Google Responds to Congressional Inquiry Regarding Its Collection of Data from WiFi Networks

June 9, 2010. Google's Pablo Chavez sent a letter [7 pages in PDF] to leaders of the House Commerce Committee (HCC) regarding its "collection of data from WiFi networks".

On May 26, 2010, Rep. Henry Waxman (D-CA), Rep. Joe Barton (R-TX), and Rep. Ed Markey (D-MA) sent a letter [PDF] to Eric Schmidt, Ch/CEO of Google, asking questions regarding "recent reports that Google has gathered huge amounts of data sent over private Wi-Fi networks while documenting the streets of our country for its Google Street View product". See, story titled "House Commerce Committee Leaders Write Google Regarding Wi-Fi Data" in TLJ Daily E-Mail Alert No. 2,090, June 2, 2010.

Also, on May 19, 2010, Rep. Barton and Rep. Markey sent a letter [PDF] to the Federal Trade Commission (FTC) regarding Google's Wi-Fi data collection. See, story titled "Rep. Markey and Rep. Barton Write FTC Regarding Google Data Collection Activities" in TLJ Daily E-Mail Alert No. 2,085, May 20, 2010.

Chavez wrote to the HCC leaders that "Google Street View cars were outfitted with commercially available WiFi antennas and software on board our Street View cars. The system detected and collected WiFi network data, including SSID, MAC address, signal strength, data rate, channel of the broadcast, and type of encryption method."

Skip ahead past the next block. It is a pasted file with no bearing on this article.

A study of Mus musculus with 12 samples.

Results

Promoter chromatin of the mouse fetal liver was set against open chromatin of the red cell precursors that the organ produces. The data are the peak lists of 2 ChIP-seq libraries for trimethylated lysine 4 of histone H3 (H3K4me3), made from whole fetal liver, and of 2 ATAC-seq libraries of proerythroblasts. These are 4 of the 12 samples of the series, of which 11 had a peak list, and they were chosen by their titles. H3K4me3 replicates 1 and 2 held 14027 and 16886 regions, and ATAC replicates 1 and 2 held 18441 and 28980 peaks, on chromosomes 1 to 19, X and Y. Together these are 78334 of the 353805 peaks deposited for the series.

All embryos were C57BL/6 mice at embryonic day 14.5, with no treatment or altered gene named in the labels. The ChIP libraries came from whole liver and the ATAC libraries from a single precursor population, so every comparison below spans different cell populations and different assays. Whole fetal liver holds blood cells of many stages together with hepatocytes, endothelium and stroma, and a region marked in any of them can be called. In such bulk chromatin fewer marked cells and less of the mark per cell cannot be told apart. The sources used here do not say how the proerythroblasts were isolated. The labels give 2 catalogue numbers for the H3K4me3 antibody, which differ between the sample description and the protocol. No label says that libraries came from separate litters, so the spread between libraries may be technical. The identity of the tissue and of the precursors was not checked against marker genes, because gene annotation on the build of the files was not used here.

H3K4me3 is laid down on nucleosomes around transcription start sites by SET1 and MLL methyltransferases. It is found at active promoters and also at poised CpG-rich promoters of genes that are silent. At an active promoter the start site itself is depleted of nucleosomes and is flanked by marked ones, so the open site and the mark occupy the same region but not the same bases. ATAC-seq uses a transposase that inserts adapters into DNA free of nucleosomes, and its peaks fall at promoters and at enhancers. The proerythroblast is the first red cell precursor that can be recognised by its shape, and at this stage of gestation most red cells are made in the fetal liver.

SSID is service set identifier. See, Wikipedia. MAC is media access control. See, Wikipedia.

Chavez also explained that "Information about the location of WiFi networks improves the accuracy of the location-based services, such as Google Maps or driving directions, that Google provides to consumers."

In addition, "The data was relayed to Google-developed software that processed the data for storage, and eventually used to improve location-based services. This information was not used to identify any specific individual or household." Also, "Google does not share this WiFi information with third parties".

Chavez disclosed that Google also "collected samples of ``payload data´´ -- information sent over the network -- from open (unencrypted) networks", and that this "payload data may have included personal data". (Parentheses in original.)

Moreover, he said, Google acted "mistakenly", and "the payload data was not parsed for use; instead, it was stored in raw, aggregate, binary form". Also, this "payload data has never been used in any Google product or service, nor do we intend to use it".

Joel Gurin, Chief of the Federal Communications Commission's (FCC) Consumer and Governmental Affairs Bureau (CGAB), wrote in the FCC web site on June 11, 2010, that "Whether intentional or not, collecting information sent over WiFi networks clearly infringes on consumer privacy."